Author: Alex Pearce
As another semester draws to a close and “adulthood” becomes that much closer, I can’t help but wonder what the future holds. Since the earliest days of elementary school, the value of higher education has been engrained in my head as being the “right-move” after high school. During my last weeks of high school, the halls were filled with joyous members of the Class of 2015, touting their newest collegiate apparel to let everyone know where they were headed in the fall. Even those who weren’t the biggest fans of school could not hide their excitement for this new chapter of their lives.
There is no denying that education is not only a personal benefit, but a benefit for society as well. Economically speaking, it can be seen as a positive externality that presents a collective good for those associated with the college graduate. However, we are currently facing a situation in which more and more individuals are encouraged to continue their education. Government aid continues to pour in, loans become easier to get, and subsequently, tuition costs continue to rise. Since the early 1980s, the average family income has risen more than 140%. Compare that to the 500% increase in tuition rates since the same time period and we are now looking at a huge problem.
Why this dramatic rise? First, one could assume that simple rises in inflation and costs of living have attributed to this. However, using CPI Inflation calculator from the Bureau of Labor Statistics, the average 1980 tuitions cost of $2,500 [in today’s money] should be approximately $6,200. That’s a lot less than the $33,415 I pay annually for my private school education. While private schools tend to be pricier, even the SUNY school down the road from my college still averages anywhere from $9,000-$24,000, depending on where the student is coming from. Therefore, this clearly isn’t a result of inflation.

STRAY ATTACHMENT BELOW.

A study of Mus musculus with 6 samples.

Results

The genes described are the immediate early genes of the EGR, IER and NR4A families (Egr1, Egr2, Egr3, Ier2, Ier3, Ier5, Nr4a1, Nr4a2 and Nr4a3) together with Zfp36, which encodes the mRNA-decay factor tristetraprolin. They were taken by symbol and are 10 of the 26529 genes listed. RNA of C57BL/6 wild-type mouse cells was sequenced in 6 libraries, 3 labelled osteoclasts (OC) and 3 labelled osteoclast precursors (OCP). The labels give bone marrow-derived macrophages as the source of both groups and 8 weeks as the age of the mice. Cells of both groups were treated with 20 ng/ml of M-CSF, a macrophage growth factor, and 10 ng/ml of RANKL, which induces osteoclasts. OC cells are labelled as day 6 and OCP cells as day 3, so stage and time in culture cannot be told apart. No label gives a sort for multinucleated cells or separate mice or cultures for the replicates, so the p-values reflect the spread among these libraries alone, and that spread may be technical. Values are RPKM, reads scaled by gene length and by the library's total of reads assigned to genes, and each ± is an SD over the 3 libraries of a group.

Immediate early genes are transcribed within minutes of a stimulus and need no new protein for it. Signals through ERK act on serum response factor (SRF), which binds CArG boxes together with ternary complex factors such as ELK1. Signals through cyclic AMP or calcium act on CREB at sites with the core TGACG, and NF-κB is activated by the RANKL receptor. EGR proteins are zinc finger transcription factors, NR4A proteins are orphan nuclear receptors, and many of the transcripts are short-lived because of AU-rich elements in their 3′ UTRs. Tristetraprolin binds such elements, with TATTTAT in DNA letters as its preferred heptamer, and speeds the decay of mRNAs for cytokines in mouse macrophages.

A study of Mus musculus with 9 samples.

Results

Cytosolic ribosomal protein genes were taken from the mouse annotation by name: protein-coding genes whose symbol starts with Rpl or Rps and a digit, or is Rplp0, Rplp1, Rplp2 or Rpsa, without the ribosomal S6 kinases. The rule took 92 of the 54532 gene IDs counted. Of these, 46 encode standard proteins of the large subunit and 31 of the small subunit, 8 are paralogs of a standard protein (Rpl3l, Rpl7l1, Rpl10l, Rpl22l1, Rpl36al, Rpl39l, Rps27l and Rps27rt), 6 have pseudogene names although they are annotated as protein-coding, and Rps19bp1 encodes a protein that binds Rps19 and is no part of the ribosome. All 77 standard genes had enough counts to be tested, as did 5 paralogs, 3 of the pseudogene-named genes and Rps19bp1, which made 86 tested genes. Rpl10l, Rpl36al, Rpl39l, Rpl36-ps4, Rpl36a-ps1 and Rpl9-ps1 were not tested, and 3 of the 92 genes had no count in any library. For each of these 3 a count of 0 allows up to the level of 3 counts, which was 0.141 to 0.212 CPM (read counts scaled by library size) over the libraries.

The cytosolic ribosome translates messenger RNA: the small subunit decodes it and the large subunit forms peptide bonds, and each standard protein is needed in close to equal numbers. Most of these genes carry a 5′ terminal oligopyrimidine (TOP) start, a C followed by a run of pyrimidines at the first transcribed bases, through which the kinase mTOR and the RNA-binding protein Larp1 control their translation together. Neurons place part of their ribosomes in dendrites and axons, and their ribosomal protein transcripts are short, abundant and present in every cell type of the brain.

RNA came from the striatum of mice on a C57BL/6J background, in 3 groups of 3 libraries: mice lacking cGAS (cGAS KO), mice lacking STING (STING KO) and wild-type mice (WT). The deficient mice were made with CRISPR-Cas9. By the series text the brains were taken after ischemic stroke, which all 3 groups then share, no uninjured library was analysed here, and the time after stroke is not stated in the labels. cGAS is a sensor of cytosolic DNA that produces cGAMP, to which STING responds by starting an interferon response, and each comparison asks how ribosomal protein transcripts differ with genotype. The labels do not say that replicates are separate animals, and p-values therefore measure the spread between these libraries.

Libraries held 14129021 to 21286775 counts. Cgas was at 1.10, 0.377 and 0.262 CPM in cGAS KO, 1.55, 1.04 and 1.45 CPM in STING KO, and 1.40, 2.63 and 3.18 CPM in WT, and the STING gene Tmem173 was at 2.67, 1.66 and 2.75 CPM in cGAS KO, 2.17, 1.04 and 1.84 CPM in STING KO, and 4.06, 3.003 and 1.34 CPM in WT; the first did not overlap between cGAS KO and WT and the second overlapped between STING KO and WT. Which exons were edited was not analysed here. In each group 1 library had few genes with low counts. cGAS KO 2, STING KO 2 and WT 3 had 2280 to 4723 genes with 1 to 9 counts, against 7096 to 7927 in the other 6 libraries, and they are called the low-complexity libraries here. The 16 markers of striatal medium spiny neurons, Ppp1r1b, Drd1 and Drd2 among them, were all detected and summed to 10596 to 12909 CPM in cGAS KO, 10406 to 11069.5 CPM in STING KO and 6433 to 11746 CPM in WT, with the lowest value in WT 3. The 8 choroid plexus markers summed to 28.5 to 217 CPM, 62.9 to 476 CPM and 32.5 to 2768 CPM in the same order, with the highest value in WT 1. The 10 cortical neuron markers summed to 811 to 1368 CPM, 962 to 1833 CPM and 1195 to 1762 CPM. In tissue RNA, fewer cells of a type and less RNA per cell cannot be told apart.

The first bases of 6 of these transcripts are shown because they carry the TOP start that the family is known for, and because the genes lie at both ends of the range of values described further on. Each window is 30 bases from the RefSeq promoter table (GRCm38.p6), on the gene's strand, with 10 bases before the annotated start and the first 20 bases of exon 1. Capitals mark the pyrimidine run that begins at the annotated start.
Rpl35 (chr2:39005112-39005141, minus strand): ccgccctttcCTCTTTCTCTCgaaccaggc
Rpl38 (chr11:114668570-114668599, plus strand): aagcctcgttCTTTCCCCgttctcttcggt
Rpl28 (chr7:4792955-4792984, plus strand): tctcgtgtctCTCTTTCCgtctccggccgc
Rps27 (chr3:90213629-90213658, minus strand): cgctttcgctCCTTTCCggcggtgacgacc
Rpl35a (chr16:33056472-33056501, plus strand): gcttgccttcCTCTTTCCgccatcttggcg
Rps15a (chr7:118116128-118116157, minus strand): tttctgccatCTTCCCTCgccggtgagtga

Since the 1980s, the Federal Government has removed subsidies given to private lending institutions for college loans, shifting the source of money to the always trustworthy United States Government. Moreover, their loan cap has increased from $2,500 annually to a staggering $20,500 per study per year. There is more than $1-trillion dollars in student loan debt. The government promises an education to all, declaring the benefits endless, while more than 7% of the graduating Class of 2015 are out of work. Loans aren’t being paid, graduates aren’t finding work, and tuitions are becoming more costly every semester. New York State’s solution? Free SUNY Tuition! While certain criteria must be met, this program is nothing more than an extension of federal aid, further inflating the student loan bubble. What’s better is that this “free” money comes with stipulations such as staying in New York after graduation or facing the risk of paying all of the money back.